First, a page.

LIGO Event Trigger Timing Sensitivity
LIGO was designed to detect a tiny ripple in Earth's crust caused by a gravitational wave from a distant inspiral merger.
The LIGO 'trigger timing' is interesting; this trigger determines when LIGO will declare a gravitational wave detection event.
There is a pattern for a trigger for LIGO detections.
The timing of tidal events is related to the Earth's rotation and the revolution of the moon around the Earth. If the moon was stationary in space, the tidal cycle would be 24 hours long. However, the moon is in motion revolving around the Earth. One revolution takes about 27 days and adds about 50 minutes to the tidal cycle. As a result, the tidal period is 24 hours and 50 minutes in length.
The second factor controlling tides on the Earth's surface is the Sun's gravity. The height of the average solar tide is about 50% the average lunar tide. At certain times during the moon's revolution around the Earth, the direction of its gravitational attraction is aligned with the Sun's. During these times the two tide producing bodies act together to create the highest and lowest tides of the year. These spring tides occur every 14-15 days during full and new moons.
The combination of the ocean tide and Earth's rotation results in essentially a slow wave moving across the ocean's surface over the course of a day.
Earth tide is the displacement of the solid earth's surface caused by the gravity of the Moon and Sun. Its main component has meter-level amplitude at periods of about 12 hours and longer.
A new moon or full moon cause a significant earth tide with the Sun also aligned. A perigee has an earth tide regardless of the Sun.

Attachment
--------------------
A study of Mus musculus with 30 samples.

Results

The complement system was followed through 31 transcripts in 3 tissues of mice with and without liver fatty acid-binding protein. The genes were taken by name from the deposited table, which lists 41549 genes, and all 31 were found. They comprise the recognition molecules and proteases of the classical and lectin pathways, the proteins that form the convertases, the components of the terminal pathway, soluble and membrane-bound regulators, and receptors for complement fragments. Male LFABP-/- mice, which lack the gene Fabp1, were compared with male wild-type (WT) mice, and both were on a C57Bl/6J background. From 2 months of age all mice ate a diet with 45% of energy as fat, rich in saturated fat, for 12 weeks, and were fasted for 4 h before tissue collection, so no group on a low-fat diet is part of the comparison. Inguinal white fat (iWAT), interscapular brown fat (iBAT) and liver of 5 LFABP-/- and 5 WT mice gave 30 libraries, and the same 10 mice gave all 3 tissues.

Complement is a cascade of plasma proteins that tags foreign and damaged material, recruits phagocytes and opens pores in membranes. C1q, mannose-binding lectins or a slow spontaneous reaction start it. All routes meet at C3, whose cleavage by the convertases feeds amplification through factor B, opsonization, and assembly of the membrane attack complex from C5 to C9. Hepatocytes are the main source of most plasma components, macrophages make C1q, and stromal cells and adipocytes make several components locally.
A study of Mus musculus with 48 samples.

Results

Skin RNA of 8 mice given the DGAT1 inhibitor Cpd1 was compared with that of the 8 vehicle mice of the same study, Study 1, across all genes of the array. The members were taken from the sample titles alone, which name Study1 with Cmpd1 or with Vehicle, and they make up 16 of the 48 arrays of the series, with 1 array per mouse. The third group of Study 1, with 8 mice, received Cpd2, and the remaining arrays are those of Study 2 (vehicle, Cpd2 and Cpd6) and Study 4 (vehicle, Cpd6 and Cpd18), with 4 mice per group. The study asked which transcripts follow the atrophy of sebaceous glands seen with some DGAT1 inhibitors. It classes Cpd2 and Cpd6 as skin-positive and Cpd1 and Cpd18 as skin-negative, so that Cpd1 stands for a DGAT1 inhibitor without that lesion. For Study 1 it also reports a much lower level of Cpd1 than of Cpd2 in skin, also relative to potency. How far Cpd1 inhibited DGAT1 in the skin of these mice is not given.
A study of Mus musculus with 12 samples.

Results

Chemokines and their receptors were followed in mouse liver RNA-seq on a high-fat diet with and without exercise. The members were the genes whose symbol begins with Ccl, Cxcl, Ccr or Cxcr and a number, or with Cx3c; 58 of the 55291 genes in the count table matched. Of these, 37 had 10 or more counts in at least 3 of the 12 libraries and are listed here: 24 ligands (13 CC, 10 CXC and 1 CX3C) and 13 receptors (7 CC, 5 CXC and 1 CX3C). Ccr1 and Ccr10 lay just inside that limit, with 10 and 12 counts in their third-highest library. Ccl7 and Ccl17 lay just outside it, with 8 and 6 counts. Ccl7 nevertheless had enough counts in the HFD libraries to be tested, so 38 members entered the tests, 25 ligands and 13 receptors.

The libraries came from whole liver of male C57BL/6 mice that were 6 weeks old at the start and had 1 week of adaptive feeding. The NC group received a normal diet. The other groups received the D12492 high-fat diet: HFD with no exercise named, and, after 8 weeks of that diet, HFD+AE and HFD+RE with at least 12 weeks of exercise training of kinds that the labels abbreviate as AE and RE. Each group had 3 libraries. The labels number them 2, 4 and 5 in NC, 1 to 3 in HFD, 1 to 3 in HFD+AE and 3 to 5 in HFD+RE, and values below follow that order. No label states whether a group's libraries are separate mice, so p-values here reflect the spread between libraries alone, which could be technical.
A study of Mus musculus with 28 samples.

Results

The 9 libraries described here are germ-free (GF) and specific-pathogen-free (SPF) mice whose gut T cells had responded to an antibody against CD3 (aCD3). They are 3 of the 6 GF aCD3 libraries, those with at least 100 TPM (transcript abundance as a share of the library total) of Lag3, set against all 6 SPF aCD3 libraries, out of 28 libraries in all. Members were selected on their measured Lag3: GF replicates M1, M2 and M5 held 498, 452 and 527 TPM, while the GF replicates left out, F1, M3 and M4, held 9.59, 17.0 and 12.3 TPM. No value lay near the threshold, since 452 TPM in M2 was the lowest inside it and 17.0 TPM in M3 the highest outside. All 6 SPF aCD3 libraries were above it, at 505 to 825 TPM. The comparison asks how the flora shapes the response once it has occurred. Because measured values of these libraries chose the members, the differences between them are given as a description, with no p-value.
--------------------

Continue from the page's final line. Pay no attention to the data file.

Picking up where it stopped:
The Earth's crust is solid, unlike the fluid oceans. This disturbance is spread across many square miles but it cannot begin or end smoothly like a fluid.
However it is essentially a slow wave in the crust.
This wave is affecting LIGO which is looking for a gravitational wave affecting the crust.
All LIGO gravitational wave detection events are within a few days of an earth tide event.
One result that no one seems to notice there are gaps of about a week between a set of events barely separated by a few days.
The reason for this is the moon completes in cycle in about 29 days so there is either full moon separated by about 14 1/2 days. LIGO can report multiple detections before or after the peak of each moon event so the larger gap fills with a few events.
Since LIGO began reporting, within any span of a few weeks there will be more LIGO events than earth tide events.
This observation implies the high sensitivity the LIGO system was designed to be. The result is multiple detections before and after the peak of that single earth tide event.
Rather than repeating the data please click here to get the LIGO detection event trigger data.